It may be an ancient language, but Welsh has contributed few words to the lexicon of modern English. Corgi (‘dwarf dog’) is one; gull, from gŵylan (‘the one that wails’) is another. And that’s about it.
There is, however, a second seabird whose name might have an etymology Cymraeg, and it was once one of Newfoundland’s commonest creatures. That bird is the penguin.
“Penguins in Newfoundland?” I hear you splutter incredulously. “What poppycock!” And you’d be right, on one count at least: there aren’t any to be found off our coasts today. Where you’d be wrong is to think there never were, for this is a tale of the original penguin, one that lost its name to a southern hemisphere lookalike, and its life to the unstoppable needs of our own species.
The iconic auk
The unfortunate in question is Pinguinus impennis, better known as the great auk. It has been extinct for more than 150 years, yet it remains an iconic creature. Much of this is due to its mystery: a bird that vanished before it had been properly described.
To the Beothuk, great auks were “Apponath,” but the Europeans soon came to know them by a different name. In Welsh, pen gwyn means “white head,” possibly in reference to the large white spot found on the bird’s forehead during the breeding season. The epithet appears to have arisen during the early years of the Newfoundland summer fishery, when many of the visiting seamen spoke Celtic languages, though an alternative hypothesis is that penguin derives from pinguis, the Latin for “fat.”
It might seem odd for a Welsh word to come into use on this side of the Atlantic, but plenty of Newfoundland’s pioneer settlers were from that country. William Vaughan led the way, turning the southern part of the Avalon into Cambriol, or “little Wales,” as shown in John Mason’s early 17th Century map of the island.
Appropriately, Mason’s map also includes Penguin Island, now the provincial seabird reserve of Funk Island.
When visited in 1534 by the French explorer Jacques Cartier, the place was staggering, both in the sheer number of birds, and the acrid smell of seabird guano. This is the funk from which the modern name comes, but the French dubbed it simply L’Isle des Oiseaux.
Like lambs to the slaughter…
It is now home to around a million common murres, not to mention gannets, puffins and kittiwakes, but it was the great auks of Funk Island that really caught the eye. They were so numerous and so docile, Cartier wrote, that they could be herded and driven into boats “ainsi que moutons à la boucherie.”
The great auk was simply a resource to be tapped by the motherland.
Once the English got wind of this, through translations of Cartier’s voyages, there were strong petitions for the proper colonization of Newfoundland, with great auks described as a food source better than geese.
Eventually, after half a century of dithering, Humphrey Gilbert was sent to accomplish the task, and claimed the colony for Queen Elizabeth. Soon, the penguins were being fully exploited. Used first for fishing bait and fresh meat for sailors, and then for their fat and feathers, the great auk was simply a resource to be tapped by the motherland. Newfoundland in miniature, if you like.
It wasn’t just Funk Island that drew the crowds; great auks were found abundantly on Bird Rocks in the Gulf of St Lawrence, whilst their penguin-prefixed place names attest to various smaller islands having had colonies too.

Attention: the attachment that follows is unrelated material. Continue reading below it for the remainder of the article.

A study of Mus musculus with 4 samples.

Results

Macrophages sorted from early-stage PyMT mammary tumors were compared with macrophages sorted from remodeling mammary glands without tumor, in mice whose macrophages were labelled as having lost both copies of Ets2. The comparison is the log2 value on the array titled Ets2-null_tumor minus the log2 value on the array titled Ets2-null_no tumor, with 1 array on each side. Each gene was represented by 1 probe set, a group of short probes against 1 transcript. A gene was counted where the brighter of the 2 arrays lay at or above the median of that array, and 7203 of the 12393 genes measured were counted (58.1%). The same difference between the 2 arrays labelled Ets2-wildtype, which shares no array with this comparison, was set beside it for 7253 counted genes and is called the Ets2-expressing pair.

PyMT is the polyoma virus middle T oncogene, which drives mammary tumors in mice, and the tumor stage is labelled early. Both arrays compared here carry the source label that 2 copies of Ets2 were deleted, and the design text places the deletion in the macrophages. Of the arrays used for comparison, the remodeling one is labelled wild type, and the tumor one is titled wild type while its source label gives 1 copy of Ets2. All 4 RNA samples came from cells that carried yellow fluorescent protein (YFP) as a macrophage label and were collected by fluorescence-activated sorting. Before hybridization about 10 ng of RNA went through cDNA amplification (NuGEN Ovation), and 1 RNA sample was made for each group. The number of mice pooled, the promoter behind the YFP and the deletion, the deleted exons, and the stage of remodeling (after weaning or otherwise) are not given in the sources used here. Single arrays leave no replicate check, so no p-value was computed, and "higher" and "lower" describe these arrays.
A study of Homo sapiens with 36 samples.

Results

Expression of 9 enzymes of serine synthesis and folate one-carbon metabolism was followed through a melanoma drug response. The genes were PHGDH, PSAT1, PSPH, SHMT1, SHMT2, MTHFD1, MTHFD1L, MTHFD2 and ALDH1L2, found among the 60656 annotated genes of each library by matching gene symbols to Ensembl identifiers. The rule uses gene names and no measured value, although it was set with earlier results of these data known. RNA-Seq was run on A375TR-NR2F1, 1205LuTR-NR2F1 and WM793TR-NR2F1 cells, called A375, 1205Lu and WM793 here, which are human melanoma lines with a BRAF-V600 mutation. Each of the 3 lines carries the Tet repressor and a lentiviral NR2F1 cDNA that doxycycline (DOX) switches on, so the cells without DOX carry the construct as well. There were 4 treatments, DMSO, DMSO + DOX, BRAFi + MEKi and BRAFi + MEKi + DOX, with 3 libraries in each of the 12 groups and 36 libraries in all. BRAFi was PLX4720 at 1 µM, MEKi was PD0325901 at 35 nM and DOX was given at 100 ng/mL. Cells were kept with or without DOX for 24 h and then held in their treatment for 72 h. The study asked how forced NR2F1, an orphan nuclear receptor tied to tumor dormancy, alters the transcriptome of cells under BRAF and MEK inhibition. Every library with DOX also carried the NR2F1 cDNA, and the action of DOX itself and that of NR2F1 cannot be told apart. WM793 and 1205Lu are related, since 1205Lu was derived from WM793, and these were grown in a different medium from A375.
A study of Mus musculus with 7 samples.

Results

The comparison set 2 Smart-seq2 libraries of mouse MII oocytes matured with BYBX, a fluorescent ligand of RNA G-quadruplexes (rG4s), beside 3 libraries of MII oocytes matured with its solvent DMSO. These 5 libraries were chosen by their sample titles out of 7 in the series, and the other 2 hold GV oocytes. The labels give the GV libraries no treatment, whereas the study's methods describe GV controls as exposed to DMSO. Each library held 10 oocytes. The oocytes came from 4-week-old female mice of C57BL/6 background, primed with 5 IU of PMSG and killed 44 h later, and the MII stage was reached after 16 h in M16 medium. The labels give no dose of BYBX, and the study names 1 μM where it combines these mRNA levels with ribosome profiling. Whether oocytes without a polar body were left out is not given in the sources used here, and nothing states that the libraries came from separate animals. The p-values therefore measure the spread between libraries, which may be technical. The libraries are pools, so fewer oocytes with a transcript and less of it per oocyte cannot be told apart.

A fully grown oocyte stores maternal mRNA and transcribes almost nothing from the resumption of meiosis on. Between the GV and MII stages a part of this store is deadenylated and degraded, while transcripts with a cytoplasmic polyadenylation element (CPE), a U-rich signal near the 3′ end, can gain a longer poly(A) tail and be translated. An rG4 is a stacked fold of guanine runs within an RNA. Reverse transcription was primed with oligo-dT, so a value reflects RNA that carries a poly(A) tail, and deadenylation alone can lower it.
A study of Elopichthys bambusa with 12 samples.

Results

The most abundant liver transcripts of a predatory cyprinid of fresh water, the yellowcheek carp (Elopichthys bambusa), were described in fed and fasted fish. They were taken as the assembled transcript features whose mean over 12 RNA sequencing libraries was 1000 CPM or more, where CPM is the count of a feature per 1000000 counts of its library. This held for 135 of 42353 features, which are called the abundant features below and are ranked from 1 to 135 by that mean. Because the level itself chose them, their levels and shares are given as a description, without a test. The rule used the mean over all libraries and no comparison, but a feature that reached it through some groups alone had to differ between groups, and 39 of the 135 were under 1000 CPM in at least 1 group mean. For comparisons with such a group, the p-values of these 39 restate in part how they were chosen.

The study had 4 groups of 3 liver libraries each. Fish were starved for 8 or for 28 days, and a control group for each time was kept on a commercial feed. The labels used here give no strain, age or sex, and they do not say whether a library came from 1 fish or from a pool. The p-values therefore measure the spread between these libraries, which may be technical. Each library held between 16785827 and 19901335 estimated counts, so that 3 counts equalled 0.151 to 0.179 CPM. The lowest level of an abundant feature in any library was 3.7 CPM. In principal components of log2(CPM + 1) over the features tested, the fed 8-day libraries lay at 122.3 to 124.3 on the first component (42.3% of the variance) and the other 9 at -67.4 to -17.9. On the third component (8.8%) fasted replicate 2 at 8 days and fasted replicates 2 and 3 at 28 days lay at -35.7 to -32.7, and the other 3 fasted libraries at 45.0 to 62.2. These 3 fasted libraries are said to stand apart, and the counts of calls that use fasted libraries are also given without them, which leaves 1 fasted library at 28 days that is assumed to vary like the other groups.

With no firearms required, it was a cheap job to slaughter the birds, and also lucrative. In his book Who Killed the Great Auk?, Jeremy Gaskell notes that, in terms of monies earned, a few days’ penguin-bashing “was equivalent to many weeks spent out at sea fishing for cod.”
By the late 18th century, George Cartwright was raising serious concerns about the species’ imminent annihilation, with Funk Island now its only breeding colony. As a consequence, the first seabird protection legislation in the western world was introduced in 1786, with penguin-poaching punishable by public flogging.
Introducing the law was one thing, though, and enforcing it was another, and it had minimal effect. The demand for feathers was too great, and the penguins too easy to capture. And even if it had been rigorously enforced, it was probably too little too late.
Some hunters were utterly honest about their auk abuse. “You do not give yourself the trouble of killing them,” declared Aaron Thomas of HMS Boston in 1794, “but lay hold of one and pluck off the best of the feathers. Then you turn the poor penguin adrift, with his skin half naked and torn off, to perish at his leasure [sic].”
And perish the penguins did. A handful of years later, they had gone from Funk Island. In two centuries of astonishing plunder, a population of hundreds of thousands of great auks had been wiped off the Newfoundland map. Elsewhere in the Atlantic, a few stragglers clung on, but not for much longer.
Gone penguin gone
In British waters, the last great auk was killed in 1840, blamed as a storm-causing witch, and the final recorded breeding pair were strangled on Eldey, Iceland, in 1844. The terminal, verifiable sighting of a great auk was in 1852, on the Grand Banks, and then the species swam off into oblivion.
The name lived on, having been applied in taxonomic confusion to the similar-looking (though unrelated) avians of the Southern Hemisphere, but the original penguin was gone. And now you’d never know that Newfoundland was its home.
As if to demonstrate this, there are two stuffed great auks in the Yorkshire Museum in York, where I currently live, but not a single specimen in a provincial collection. The closest you’ll get is to visit The Rooms (www.therooms.ca) and see one reconstructed from Funk Island bones.
So next time you see a gentoo, a rockhopper or a jackass hogging the flightless limelight, remember their Welsh-Newfoundland heritage. And spare a thought for the penguin that never made it.